Don’t initiate an antibiotic without an identified indication and a predetermined length of treatment or review date.
Antibiotics may be prophylactic, empirical or targeted against a known organism.
Prolonged duration of antibiotics is associated with: an increased risk of adverse reactions, Clostridium difficile infection, candidiasis, selection of antibiotic resistant organisms as well as unnecessary cost. Therefore the shortest possible duration of therapy should be used. For the majority of infections treatment should not exceed 7 days.
The most appropriate duration of therapy may be difficult to identify in some circumstances. In these instances treatment duration must be individualised for the patient on the basis of clinical, microbiological or radiological parameters. If ongoing treatment is required a date for review should be identified.
Patients should be advised that using antibiotics when they don’t need them can contribute to the problem of antibiotic resistance. They should be advised, when the antibiotic is prescribed and dispensed, when the antibiotic is to finish, or the date to be reviewed.
- File TM Jr. Duration and cessation of antimicrobial treatment. J Hosp Med 2012;7(1) suppl 1:S22-S33.
- Havey TC, Fowler RA, Daneman N. Duration of antibiotic therapy for bacteremia: a systematic review and meta-analysis. Crit Care 2011;15:R267.
- Brown K, Valenta K, Fisman D, Simor A, Daneman N. Hospital ward antibiotic prescribing and the risks of Clostridium difficile infection. JAMA Internal Medicine 2015;175(4):626-33.
- Stuart RL, Wilson J, Bellaard-Smith E, Brown R, Wright L, Vandergraaf S et al. Antibiotic use and misuse in residential aged care facilities. Intern Med J 2012;42(10):1145-9.
- Australian Commission on Safety and Quality in Health Care. Antimicrobial prescribing practice in Australian hospitals: results of the 2014 National Antimicrobial Prescribing Survey. Sydney: ACSQHC; 2015.
- Antibiotics Expert Groups. Therapeutic guidelines: antibiotics. Version 15. Melbourne: Therapeutic Guidelines Limited; 2014.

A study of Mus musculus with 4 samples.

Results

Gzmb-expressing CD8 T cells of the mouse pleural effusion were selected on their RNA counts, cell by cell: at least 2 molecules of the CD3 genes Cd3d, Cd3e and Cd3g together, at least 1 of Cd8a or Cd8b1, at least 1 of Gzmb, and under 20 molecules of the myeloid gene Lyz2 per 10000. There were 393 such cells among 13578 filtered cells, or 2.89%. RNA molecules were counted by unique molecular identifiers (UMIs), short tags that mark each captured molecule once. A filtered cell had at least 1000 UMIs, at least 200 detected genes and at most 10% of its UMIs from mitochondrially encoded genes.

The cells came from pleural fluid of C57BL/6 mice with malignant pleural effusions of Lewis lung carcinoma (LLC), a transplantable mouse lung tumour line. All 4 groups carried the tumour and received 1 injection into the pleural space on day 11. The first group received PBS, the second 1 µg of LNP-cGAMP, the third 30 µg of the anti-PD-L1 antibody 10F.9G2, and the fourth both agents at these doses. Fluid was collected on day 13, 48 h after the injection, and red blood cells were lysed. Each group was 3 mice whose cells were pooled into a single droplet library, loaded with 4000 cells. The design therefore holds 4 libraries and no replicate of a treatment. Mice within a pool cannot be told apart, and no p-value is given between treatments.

A working party was formed and they sought suggestions from SHPA’s Committees of Specialty Practice, Reference Groups, State and Territory branches and Federal Council. More than 40 proposed statements were considered by the working party. A shortlist of 10 statements was identified for consideration by the SHPA’s membership through an online survey. All members were invited to comment on each proposed statement, specifically: whether it related to the practice of pharmacy, related to medicines that are frequently used, and if a significant cost. Members were also invited to rate the statements in order of preference. The survey results were used by the working party to identify the final six statements which were presented to SHPA’s Federal Council who ratified the choice of the five final statements.
- 1 Don’t initiate and continue medicines for primary prevention in individuals who have a limited life expectancy.
- 2 Don’t initiate an antibiotic without an identified indication and a predetermined length of treatment or review date.
- 3 Don’t initiate and continue antipsychotic medicines for behavioural and psychological symptoms of dementia for more than 3 months.
- 4 Don’t recommend the regular use of oral non-steroidal anti-inflammatory medicines (NSAIDs) in older people.
- 5 Don't recommend the use of medicines with sub-therapeutic doses of codeine (<30mg for adults) for mild to moderate pain.